07/23/2013 08:23 pm ET Updated Sep 22, 2013

Fixing a Broken System

We can all agree that professional development is essential in any profession, especially education. It is an opportunity to become better at what we do as well as gain knowledge on new pedagogical techniques, learning theories, leadership strategies, technologies, and federal/state mandates. With budgets being continuously slashed across the country, districts are beginning to tighten their belts. When this happens the first line item to get cut is professional development. This has resulted in fewer and fewer opportunities for educators to attend out-of-district learning opportunities as there is no funding to support travel, registration fees, and expenses.

Professional development has now become the sole burden of school districts for better or worse. It has become a tug of war, in a sense, as districts use this valuable time, which equates to only a day or two in many cases, to focus on organizational needs. On the other hand, individual educators have specific needs and passions that they want to explore. They want the freedom to chart their own learning course while receiving support from the organization to do so. Quality professional development rests in the ability of the organization to not only meet their needs, but also that of its constituents.

Something has to give though. The trainings that many educators are now forced to attend are usually driven by whatever the federal and state governments have mandated. The key word here is forced. Educators now have to attend mandate-driven workshops on the Common Core, teacher/principal evaluation, and student growth objectives. Now, I am not saying that these things are not important, but it is hard as a professional to develop a love for learning when one has to succumb to daylong trainings with absolutely no authenticity. Many more questions than answers materialize. Will this help my students learn and achieve? Is this yet another flavor-of-the-month initiative? Is this a wise use of our time?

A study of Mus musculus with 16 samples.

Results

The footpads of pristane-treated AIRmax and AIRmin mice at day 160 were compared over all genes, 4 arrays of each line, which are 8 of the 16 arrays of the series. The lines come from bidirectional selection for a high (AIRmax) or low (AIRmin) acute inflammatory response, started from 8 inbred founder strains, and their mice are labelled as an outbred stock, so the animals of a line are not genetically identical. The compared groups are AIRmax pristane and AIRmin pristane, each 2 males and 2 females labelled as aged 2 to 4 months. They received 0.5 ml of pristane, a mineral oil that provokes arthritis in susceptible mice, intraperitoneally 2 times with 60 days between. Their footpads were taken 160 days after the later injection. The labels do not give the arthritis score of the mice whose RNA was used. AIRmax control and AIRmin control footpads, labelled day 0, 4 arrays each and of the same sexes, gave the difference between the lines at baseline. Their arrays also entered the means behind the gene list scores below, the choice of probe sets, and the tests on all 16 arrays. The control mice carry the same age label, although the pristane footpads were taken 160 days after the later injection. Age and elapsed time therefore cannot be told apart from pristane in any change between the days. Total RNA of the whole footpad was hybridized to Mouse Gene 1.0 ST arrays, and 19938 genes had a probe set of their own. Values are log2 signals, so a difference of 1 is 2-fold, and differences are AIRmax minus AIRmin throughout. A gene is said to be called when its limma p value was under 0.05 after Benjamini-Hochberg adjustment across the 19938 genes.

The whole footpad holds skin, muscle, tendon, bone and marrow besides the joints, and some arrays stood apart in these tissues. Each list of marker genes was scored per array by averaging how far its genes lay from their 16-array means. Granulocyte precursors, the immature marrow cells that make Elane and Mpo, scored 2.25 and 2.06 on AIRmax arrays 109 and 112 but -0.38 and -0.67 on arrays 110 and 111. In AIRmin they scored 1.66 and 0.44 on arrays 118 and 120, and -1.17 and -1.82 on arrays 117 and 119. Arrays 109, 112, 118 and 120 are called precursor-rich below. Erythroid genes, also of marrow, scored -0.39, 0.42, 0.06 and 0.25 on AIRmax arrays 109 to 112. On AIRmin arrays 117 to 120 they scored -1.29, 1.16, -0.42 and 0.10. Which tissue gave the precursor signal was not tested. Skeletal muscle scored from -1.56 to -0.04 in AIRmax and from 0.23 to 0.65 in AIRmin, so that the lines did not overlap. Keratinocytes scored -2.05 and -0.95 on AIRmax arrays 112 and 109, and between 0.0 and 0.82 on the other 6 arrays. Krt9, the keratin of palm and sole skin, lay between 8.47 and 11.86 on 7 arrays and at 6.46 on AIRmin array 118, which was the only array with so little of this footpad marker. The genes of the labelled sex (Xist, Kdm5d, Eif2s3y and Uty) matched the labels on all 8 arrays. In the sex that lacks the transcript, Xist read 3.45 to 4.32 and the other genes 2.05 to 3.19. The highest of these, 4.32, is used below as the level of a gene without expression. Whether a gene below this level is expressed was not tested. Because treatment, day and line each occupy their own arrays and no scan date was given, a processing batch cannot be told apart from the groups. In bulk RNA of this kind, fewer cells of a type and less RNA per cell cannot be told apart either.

When the organization dominates the planning, agenda, and implementation of mandate-driven professional development, the end result it often catastrophic. The most important element of PD is missing - the needs, desires, and passions of the learner. Even in the absence of mandates, organizations seem to be out of touch with their stakeholders as session after session becomes death by PowerPoint and stacks of paper handouts. The dominating structure fulfills the goal of pumping as much information as possible into our heads, yet fails to inspire change.

Effective professional development is:

• Meaningful
• Relevant
• Allowing educators to choose what they what to learn about
• Accommodating to different learning styles
• Providing time to apply what has been learned
• Focused on one initiative as opposed to many simultaneously
• Organized in a way that time to apply what has been learned is provided
• Convenient in the sense that learning can take place at anytime from anywhere
• Cost-effective
• Embedded into the school day if possible
• Accessed through available technology
• Resulting in observable outcomes related to changes in professional practice and student achievement

The list above includes some lofty, but necessary, expectations of professional development today. So where do we begin? Below are some effective strategies, ideas, and learning opportunities that will provide you and your school the means to invigorate professional development to get real results. Each is hyperlinked to additional information.

Professional Learning Communities (PLC's)
Personal Learning Networks (PLN's)
Professional Growth Periods (PGP's)
Edcamps (For an introduction to Edcamp click HERE)
Edscape -- Saturday October 19, 2013 at New Milford HS (NJ)

In this day and age we must take control of our own learning if organizations are not providing and/or supporting meaningful PD opportunities. The three pathways above provide practical, cost-effective, and accessible means to improve professional practice. Nothing is more important than our own learning if we are to not only meet the demands of the profession, but also the needs of our students. Great teachers do not wait for PD days!

So what did I miss? What are some other issues with professional development? Can you provide other innovative and effective PD options?